Devine-Millimet - $4.3 Million in Sanction for HIPAA Violations

$4.3 Million in Sanction for HIPAA Violations

  • Tuesday, June 19, 2018


The OCR investigation into MD Anderson stemmed from three separate data breach reports in 2012 and 2013:

  • The first incident involved the theft of an unencrypted laptop from the home of an MD Anderson physician and faculty member who uploaded electronic protected health information (“ePHI”) of 29,021 individuals onto a laptop purchased with MD Anderson funds that the physician used as a telework computer. The physician acknowledged the laptop was not encrypted or password protected and any family member could access the ePHI. 
  • The second incident involved the loss of an unencrypted USB drive thumb drive onto which a research lab summer intern uploaded excel spreadsheets containing ePHI of 2,264 individuals. The intern misplaced the drive on her way home from work.
  • The third incident involved a physician’s loss of an unencrypted USB thumb drive onto which she uploaded ePHI of 3,598 individuals. The doctor reported she kept the thumb drive in a tray on her desk and last saw it before going away for Thanksgiving on November 27, 2013. When she returned to her office on December 2, 2013, the thumb drive was missing. 

The OCR imposed penalties of:

  • $2,000 per day for each day of MD Anderson’s failure to implement HIPAA-required policies and procedures for electronic information systems maintaining ePHI to limit access to only those persons or programs granted access; and,
  • $1,500,000 per year for violations of HIPAA’s privacy rule for the years 2012 and 2013.

The Administrative Law Judge rejected MD Anderson’s arguments that it was not obligated to encrypt all devices, that the ePHI at issue was for research and not subject to HIPAA’s non-disclosure requirements, and that the penalties imposed were unreasonable.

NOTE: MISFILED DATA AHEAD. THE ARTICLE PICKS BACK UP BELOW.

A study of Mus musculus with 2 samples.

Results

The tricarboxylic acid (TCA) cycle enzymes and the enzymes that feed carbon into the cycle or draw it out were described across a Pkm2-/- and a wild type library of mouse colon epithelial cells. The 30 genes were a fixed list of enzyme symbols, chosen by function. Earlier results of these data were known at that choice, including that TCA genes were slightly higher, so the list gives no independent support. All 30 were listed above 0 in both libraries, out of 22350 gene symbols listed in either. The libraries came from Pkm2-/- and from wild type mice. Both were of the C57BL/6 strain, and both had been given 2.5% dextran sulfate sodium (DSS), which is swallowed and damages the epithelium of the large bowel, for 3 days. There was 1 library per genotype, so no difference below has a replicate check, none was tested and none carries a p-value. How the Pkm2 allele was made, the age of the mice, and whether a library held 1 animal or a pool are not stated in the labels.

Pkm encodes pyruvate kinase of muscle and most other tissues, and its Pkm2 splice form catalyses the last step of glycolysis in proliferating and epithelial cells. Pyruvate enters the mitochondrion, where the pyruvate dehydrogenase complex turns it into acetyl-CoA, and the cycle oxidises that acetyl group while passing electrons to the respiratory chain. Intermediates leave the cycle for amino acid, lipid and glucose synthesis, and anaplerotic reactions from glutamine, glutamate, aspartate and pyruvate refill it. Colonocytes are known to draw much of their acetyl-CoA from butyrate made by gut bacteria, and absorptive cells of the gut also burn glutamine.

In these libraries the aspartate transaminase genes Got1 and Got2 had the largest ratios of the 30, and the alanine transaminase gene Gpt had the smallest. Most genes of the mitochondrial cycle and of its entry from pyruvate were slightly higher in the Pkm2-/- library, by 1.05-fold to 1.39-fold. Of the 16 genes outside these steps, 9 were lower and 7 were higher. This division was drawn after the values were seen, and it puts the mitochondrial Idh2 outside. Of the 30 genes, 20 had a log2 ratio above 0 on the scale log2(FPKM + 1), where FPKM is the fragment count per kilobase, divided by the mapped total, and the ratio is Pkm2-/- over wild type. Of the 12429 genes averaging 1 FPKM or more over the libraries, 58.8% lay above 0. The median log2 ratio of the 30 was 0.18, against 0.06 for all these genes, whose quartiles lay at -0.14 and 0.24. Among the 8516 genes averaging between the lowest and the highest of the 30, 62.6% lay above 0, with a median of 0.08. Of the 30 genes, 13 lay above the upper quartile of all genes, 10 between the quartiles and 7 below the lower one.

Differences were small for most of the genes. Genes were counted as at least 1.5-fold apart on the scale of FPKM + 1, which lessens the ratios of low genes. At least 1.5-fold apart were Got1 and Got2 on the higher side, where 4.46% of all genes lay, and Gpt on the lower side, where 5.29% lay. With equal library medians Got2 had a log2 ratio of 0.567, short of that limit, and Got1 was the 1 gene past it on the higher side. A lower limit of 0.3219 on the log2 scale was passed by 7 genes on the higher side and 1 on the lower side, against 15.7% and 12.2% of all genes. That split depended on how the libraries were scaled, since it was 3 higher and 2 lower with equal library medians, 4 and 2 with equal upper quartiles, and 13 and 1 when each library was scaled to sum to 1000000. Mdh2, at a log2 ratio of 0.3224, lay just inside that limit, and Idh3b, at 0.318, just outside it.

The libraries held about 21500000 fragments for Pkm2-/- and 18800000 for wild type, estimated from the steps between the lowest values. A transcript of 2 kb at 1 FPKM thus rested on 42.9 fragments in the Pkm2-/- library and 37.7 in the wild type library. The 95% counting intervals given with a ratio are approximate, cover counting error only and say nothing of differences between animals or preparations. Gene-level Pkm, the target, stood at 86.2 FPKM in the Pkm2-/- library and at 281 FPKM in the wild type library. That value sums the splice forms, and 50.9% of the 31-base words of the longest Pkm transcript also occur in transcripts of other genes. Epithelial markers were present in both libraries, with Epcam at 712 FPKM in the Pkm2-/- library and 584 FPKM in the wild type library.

The Administrative Law Judge characterized MD Anderson’s “dilatory conduct”  as “shocking given the high risk to its patients resulting from the unauthorized disclosure of ePHI,” a risk that MD Anderson “not only recognized, but that it restated many times.”  Read a copy of the Decision here.

Key to the ruling was MD Anderson’s actual knowledge that ePHI should have been protected.  MD Anderson had written encryption policies as early as 2006. Employees signed Acceptable Use Agreements and User Acknowledgements that referenced the need for encryption. Annual risk assessments performed in 2010-2011 identified encryption of confidential data on mobile media as a key risk area that was not mitigated. Despite this, MD Anderson did not adopt an enterprise-wide solution to implement encryption until 2011, and by January 2013, it had not encrypted its complete inventory of electronic devices containing ePHI.

The OCR’s Director, Roger Sevino, issued a statement, explaining “OCR is serious about protecting health information privacy and will pursue litigation, if necessary, to hold entities responsible for HIPAA violations. We are pleased that the judge upheld our imposition of penalties because it underscores the risks entities take if they fail to implement effective safeguards, such as data encryption, when required to protect sensitive patient information.”

This ruling underscores the need to ensure appropriate policies are in place to encrypt ePHI and the devices on which it is stored and, more importantly, to ensure those policies are implemented. If you have questions about whether your organization’s policies are adequate or steps that should be taken to ensure compliance, please contact Jonathan Lax or Elaine Michaud.